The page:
Home Reviews Phones Review: Doro HandlePlus 334gsm

Review: Doro HandlePlus 334gsm

doro handleplus 334gsm premium comfort
doro handleplus 334gsm premium comfort

doro_handleplus_334gsm_premium_comfort.jpgHave we travelled back in time? After all, this is – as the name suggests – only a GSM phone. No GPRS OR HSDPA for superquick access? That’s not the point of this Doro handset…

Everything about the Doro HandlePlus 334gsm has been designed to make it easy for someone who’s not familiar with a mobile to use one. And the built in emergency features make it an ideal phone for older relatives to give you peace of mind that they can reach you no matter what the circumstances.

Oddly, the phone didn’t work with either of the 3 test Sim cards we put into it. However, it did respond to an O2 pay-as-you-go Sim, which allowed us to fully test it.

The thoughtfully constructed mobile phone begins with the charger. This can either be plugged directly into the phone, or it can be used to power a charging base. That makes it easy for the phone to be dropped into for charging, without dealing with fiddly connections.

It might be a very basic mobile phone but it still retains the essentials. That includes a handsfree headset (used by pressing the appropriate key), volume buttons on the side, a key-lock button so it can live happily in your pocket and an onscreen display to show the functions.

What it’s lacking is a traditional keypad to make calls. As this is designed to be used by someone who might have trouble hitting small number keys or who’s eyesight is not so good, the phone comes with four dialing buttons. Numbers can be programmed into these and the names of the person they call written in next to them. Press the A, B, C or D button and you automatically ring the associated number.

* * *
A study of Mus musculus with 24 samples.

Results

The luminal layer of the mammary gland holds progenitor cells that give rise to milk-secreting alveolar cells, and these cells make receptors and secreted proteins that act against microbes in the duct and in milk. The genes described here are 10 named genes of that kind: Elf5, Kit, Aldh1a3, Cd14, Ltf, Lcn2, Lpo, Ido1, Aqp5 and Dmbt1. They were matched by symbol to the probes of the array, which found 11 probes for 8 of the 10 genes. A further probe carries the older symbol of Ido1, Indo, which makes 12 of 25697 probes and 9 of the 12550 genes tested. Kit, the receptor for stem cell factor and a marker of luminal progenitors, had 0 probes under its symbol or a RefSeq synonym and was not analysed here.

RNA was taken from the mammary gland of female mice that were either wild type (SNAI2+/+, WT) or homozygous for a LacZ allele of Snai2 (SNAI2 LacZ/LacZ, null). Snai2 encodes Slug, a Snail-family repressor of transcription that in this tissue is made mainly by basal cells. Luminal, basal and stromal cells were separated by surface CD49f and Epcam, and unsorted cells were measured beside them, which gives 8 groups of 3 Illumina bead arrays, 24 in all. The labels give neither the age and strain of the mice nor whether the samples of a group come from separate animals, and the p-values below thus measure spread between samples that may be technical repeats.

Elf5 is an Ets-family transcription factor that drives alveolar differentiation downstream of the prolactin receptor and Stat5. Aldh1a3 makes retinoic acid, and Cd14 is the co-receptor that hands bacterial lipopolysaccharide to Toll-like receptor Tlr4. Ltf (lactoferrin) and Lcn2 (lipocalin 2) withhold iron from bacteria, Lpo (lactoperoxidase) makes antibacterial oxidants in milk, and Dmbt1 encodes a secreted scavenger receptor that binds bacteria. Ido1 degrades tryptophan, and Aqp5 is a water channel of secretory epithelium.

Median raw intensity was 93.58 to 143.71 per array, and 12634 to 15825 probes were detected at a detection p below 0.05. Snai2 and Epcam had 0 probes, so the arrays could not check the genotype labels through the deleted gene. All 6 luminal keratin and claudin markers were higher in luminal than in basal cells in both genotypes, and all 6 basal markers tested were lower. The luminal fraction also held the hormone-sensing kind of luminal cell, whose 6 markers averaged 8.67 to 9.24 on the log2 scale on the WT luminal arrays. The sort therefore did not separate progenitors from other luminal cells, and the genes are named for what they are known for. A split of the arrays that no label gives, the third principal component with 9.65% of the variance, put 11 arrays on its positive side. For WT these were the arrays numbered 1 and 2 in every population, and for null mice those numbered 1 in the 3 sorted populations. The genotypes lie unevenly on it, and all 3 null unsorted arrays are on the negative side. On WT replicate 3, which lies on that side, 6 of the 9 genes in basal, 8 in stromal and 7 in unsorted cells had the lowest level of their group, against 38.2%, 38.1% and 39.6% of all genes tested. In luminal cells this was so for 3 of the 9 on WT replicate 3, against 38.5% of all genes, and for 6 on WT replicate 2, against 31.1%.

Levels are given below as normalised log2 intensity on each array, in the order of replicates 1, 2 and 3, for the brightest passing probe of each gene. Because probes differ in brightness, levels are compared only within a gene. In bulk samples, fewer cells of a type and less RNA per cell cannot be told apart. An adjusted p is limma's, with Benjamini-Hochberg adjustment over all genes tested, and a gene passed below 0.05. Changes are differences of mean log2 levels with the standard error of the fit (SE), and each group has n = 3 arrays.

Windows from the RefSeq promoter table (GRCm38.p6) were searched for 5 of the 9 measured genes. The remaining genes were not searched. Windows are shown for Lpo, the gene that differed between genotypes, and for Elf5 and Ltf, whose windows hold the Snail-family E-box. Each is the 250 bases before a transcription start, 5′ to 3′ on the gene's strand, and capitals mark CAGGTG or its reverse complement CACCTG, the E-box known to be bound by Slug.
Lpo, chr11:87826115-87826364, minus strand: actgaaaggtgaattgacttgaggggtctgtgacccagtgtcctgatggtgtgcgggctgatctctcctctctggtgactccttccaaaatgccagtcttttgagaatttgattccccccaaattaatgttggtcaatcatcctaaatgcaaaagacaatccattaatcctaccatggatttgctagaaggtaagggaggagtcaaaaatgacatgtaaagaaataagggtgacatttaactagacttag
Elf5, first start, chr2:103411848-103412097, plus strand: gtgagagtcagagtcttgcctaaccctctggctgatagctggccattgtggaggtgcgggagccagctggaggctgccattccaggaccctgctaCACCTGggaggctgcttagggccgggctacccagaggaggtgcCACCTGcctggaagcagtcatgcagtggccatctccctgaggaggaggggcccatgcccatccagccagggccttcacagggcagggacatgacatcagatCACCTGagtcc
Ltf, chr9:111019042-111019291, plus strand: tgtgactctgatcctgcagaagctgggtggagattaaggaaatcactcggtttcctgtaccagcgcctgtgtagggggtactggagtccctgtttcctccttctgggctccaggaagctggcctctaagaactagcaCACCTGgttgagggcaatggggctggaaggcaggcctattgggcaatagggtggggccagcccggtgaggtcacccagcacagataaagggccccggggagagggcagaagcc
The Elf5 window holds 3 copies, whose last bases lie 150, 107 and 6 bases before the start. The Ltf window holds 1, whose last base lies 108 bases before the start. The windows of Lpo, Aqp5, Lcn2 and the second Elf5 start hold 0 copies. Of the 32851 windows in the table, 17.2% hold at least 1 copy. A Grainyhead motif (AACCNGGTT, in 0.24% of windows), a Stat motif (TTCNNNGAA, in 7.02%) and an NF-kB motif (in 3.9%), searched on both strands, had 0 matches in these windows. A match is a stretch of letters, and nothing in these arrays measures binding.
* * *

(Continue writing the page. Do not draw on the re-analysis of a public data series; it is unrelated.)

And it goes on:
Naturally, having no keypad means it is a bit tricky to input those numbers. It’s done using the up and down buttons to move through a list from zero to nine. Names of the people to call are also input using the same system – which can take a while to enter up to 16 characters. While this is time consuming at first, once you’ve input the speed dial choices they’re unlikely to change that often. A few different pieces of paper cut to fit the front of the phone are provided to change the names should your four speed dial choices change.

There are also two buttons in case of emergency. That’s an SOS button on the front and an Emergency Call Key on the back. As long as the phone is switched on it’s possible to place an SOS call by pressing that key, as most networks now allow calls to 112 even without a Sim card being present.

The Emergency Call Key works slightly differently. As with the speed dial keys, numbers can be input for the Emergency Call Key. Press and hold it for three seconds (or press it twice very quickly) and it’ll send an emergency text message to all those numbers. It then also starts ringing them in order, moving down the list if the call isn’t answered within 30 seconds. It has to be activated before use, giving you the option to edit the emergency message. You can add five numbers and the manual warns against adding numbers that are automatically answered because an answer stops the sequence and ends the emergency.

We’ve given the phone our own rating (see below) but we’ve also placed the handset into the home of the kind of user it’s aimed at. We’ll update the review once we get some feedback.